By Jeff Balke
By Aaron Reiss
By Angelica Leicht
By Dianna Wray
By Aaron Reiss
By Camilo Smith
By Craig Malisow
By Jeff Balke
In an almost nightly ritual of 14 years, Alvaro "Al" Barretto made the rounds of his domain, the Crystal Nite Club, on a late Wednesday in December 1997.
The 32-year-old entrepreneur, who had immigrated from Uruguay as a child, now savored the successes for his string of Houston salsa clubs. The Crystal was his crown, with an image he had created and polished with dress codes and even the addition of a second dance area. Near the front door, he passed by the place where weapon detectors once stood, reminders of the dangers of operating such clubs.
Although Barretto retained a reputation as a fighter himself, he still needed bouncers. That was evident on this night more than a year ago, when he moved along a crowded hallway to help quell a disturbance. Two brothers arguing with another group of men refused requests to calm down. So Barretto and bouncer Jamie Anthony Ross led them on "an escort out" through a rear exit.
Clubbers returned to their rumbas and romantic interludes. It was almost 2 a.m. when another bouncer busied himself with a late check of the premises. He opened the back door to discover Ross and Barretto sprawled in the alley, bloodied and barely alive. Both had been stabbed repeatedly. Barretto had five knife wounds to the chest. One of them had grazed his heart.
He was rushed to Ben Taub hospital, with relatives arriving from distant points. Even his sister, model Patrizia Barretto, had been summoned from a photo shoot in New York City. She was on a flight back to be with her brother, consoling her mother through a cell phone, when she heard the screams. Alvaro was dead.
"It was both a very sad, painful moment and a very beautiful one," she says. "There I was, in the sky with the sunrise, and I knew that my brother was with me. I cried and cried."
For a king of Houston salsa clubs known for tireless promotion of his enterprises, the death of Alvaro Barretto brought only brief mention in the local news media.
As a young boy, he had traveled with his parents, businessman Alberto Barretto and wife Maria, when they left their native Montevideo in South America for a better life in El Norte in the early 1970s. They settled in the lower East Side of Manhattan before moving to New Jersey. His parents discovered salsa and merengue, the genres of music popular with Latinos from the Caribbean. Artists such as Hector Lavoe, Willie Colon, Celia Cruz and Ruben Blades became household names for the Barrettos.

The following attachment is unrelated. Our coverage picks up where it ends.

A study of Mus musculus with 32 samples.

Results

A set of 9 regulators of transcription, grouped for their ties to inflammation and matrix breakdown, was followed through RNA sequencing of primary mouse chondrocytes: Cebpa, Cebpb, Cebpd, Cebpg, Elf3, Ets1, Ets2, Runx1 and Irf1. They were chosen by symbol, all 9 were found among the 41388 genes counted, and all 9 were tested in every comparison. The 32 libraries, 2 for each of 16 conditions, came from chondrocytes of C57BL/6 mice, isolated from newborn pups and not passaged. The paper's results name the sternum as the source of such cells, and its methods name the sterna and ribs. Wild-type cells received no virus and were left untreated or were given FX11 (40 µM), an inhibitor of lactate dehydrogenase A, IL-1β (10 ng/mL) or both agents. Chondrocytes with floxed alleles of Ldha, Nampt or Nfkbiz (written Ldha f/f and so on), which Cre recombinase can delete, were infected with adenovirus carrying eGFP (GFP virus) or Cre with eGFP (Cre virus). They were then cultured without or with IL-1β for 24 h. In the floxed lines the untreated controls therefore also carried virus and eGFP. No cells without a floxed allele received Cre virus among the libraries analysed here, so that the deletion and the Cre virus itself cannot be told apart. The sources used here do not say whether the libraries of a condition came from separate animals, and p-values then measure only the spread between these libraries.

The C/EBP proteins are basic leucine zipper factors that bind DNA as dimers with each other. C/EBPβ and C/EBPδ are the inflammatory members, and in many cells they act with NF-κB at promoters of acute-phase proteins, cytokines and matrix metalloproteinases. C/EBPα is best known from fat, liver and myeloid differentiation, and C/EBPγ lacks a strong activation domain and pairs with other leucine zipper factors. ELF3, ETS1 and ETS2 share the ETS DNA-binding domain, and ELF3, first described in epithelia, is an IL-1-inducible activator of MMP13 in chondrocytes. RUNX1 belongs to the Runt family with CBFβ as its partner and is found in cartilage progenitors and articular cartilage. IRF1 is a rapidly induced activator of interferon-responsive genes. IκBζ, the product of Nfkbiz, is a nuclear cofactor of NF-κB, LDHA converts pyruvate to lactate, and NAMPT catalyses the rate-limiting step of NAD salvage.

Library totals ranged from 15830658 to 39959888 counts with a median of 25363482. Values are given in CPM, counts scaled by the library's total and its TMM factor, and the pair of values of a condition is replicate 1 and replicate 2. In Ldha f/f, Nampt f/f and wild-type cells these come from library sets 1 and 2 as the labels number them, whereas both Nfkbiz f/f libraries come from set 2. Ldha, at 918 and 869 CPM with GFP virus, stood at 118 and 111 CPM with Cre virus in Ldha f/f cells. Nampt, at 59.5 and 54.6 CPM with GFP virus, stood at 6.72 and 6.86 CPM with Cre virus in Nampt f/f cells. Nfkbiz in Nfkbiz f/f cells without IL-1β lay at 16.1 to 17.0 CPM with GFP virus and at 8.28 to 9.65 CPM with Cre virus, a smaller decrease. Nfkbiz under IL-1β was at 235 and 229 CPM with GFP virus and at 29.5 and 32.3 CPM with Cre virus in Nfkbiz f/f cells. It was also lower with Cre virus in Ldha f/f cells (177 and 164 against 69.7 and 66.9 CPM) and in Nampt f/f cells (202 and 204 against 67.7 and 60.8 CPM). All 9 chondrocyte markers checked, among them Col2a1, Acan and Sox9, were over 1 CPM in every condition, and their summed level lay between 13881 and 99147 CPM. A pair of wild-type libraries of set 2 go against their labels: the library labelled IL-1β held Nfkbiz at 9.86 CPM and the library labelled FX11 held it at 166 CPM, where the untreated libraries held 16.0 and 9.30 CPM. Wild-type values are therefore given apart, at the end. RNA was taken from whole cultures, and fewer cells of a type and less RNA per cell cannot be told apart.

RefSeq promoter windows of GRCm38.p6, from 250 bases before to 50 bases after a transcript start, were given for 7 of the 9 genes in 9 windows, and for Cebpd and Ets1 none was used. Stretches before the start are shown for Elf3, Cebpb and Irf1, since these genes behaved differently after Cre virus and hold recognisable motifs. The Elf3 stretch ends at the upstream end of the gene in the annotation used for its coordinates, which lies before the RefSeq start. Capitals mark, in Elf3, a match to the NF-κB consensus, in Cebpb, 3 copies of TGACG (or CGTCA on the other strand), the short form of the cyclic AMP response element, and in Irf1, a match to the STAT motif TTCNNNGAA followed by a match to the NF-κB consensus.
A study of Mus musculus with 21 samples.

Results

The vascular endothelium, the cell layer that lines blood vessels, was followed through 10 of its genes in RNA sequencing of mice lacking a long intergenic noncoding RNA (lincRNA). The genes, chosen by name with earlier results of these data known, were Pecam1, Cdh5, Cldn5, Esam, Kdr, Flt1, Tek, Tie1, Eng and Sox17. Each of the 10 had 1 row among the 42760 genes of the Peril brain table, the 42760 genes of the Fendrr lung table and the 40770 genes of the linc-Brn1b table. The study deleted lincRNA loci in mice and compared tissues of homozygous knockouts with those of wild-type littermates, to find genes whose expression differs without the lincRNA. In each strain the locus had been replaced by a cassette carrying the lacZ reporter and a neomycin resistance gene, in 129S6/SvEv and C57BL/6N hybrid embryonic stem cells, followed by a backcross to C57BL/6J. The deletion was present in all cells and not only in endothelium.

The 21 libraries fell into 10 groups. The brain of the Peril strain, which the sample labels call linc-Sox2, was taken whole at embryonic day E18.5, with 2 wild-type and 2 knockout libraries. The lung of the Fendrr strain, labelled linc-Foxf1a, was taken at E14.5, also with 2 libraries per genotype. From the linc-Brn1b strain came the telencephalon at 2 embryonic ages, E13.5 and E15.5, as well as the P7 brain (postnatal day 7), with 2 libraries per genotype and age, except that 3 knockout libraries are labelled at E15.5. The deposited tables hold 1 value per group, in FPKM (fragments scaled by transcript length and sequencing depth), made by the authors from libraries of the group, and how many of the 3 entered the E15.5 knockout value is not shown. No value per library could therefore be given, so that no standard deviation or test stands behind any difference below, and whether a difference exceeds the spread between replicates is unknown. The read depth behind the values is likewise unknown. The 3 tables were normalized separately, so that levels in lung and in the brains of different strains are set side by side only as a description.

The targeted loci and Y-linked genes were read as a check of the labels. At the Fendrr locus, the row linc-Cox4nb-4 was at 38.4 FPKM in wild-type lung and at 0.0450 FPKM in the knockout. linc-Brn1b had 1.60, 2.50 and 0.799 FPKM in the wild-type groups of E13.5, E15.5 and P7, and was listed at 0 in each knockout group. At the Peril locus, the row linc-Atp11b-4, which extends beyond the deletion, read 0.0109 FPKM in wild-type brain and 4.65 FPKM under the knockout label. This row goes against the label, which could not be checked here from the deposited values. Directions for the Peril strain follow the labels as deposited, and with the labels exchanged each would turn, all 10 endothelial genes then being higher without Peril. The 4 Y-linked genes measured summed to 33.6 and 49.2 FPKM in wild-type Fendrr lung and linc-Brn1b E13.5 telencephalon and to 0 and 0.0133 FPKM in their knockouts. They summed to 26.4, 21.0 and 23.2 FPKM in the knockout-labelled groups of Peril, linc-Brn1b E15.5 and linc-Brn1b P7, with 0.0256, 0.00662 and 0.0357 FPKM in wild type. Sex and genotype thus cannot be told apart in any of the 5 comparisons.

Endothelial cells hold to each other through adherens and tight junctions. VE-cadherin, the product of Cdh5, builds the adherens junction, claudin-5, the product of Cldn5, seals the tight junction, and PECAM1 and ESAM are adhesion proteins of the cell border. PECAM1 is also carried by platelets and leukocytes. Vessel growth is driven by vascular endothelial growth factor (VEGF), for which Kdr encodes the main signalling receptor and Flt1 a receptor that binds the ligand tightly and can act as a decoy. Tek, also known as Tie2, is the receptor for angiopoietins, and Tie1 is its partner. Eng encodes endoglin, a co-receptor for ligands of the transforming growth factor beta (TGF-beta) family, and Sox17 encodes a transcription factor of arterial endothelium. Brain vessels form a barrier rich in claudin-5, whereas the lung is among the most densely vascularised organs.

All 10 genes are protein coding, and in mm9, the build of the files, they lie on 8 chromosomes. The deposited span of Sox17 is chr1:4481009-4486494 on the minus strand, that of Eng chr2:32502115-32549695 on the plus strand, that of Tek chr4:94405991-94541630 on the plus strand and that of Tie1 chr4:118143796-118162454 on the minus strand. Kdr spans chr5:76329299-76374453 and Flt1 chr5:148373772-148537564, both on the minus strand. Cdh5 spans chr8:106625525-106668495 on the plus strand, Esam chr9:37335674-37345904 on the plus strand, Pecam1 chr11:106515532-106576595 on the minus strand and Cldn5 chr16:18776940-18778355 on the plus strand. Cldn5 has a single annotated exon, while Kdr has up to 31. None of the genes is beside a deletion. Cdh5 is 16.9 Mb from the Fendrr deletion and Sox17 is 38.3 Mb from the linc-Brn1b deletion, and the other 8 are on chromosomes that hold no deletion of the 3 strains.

"Before then," says Patrizia Barretto, "we didn't know what the hell salsa was. We were from Uruguay, not the islands."
Ironically, their dreams of starting a salsa club were not realized until the early 1980s, when they relocated to Houston, at the time a hotbed of country music spurred by the craze from Urban Cowboy. Alvaro's parents recognized the heavy southwest Houston concentration of Colombians, Central Americans and Caribbean Latinos, all devotees of tropical music.
In 1983 the doors opened at the first Barretto club, a small cantina. Alvaro, between classes at the University of Houston and then Rice, assumed responsibility for daily operations. They soon relocated the early Crystal to its present expanded site near Hillcroft and the Southwest Freeway.
Alvaro became the consummate promoter and marketer. He distributed VIP passes to influential leaders at universities, radio stations and social and professional organizations. Their free admissions and drinks were more than offset by the cover charges and tabs paid by others they attracted.
Barretto displayed strong business instincts as the number of clubs grew to five. He reserved "special days" at clubs to tap into the expanding ethnic market in Houston. On any given night, visitors might hear music from India at one club and hip-hop at another, while a third catered to the fans of Tejano.
"Al knew what certain groups of people wanted and gave it to them," said Patrizia, who has assumed CEO duties for the chain. "It didn't matter if they were Latin, Chinese or black -- he knew."
And homicide investigators probing his killing quickly believed they knew Barretto's slayer. For a case that would later take on considerable controversy, it hardly began as a whodunit.
Not long after the club owner was found lying in the alley, police picked up Juan Paez for questioning. Yes, he reportedly admitted, he had been at Crystal with his brother Hector; they had been ejected by Barretto and Ross, and he claimed Barretto began beating his brother outside the club.
But Juan Paez said he was nothing more than a bystander at a violent scene, with Hector pulling a knife and stabbing the men. Ross, who survived the attack, reportedly told investigators that it was Hector Paez who attacked them with the knife.
Based on the available evidence, the case took on familiar overtones for police: Bar patrons get bounced from club; fight follows and escalates into fatal confrontation. Tragic, yes. But hardly uncommon in the tough urban haunts of Houston.
Police filed a murder charge against Hector Paez, who has yet to be found.
The Barretto family applauded the charge, but they challenge nearly everything else about the investigation. They believe Barretto's murder was a conspiracy.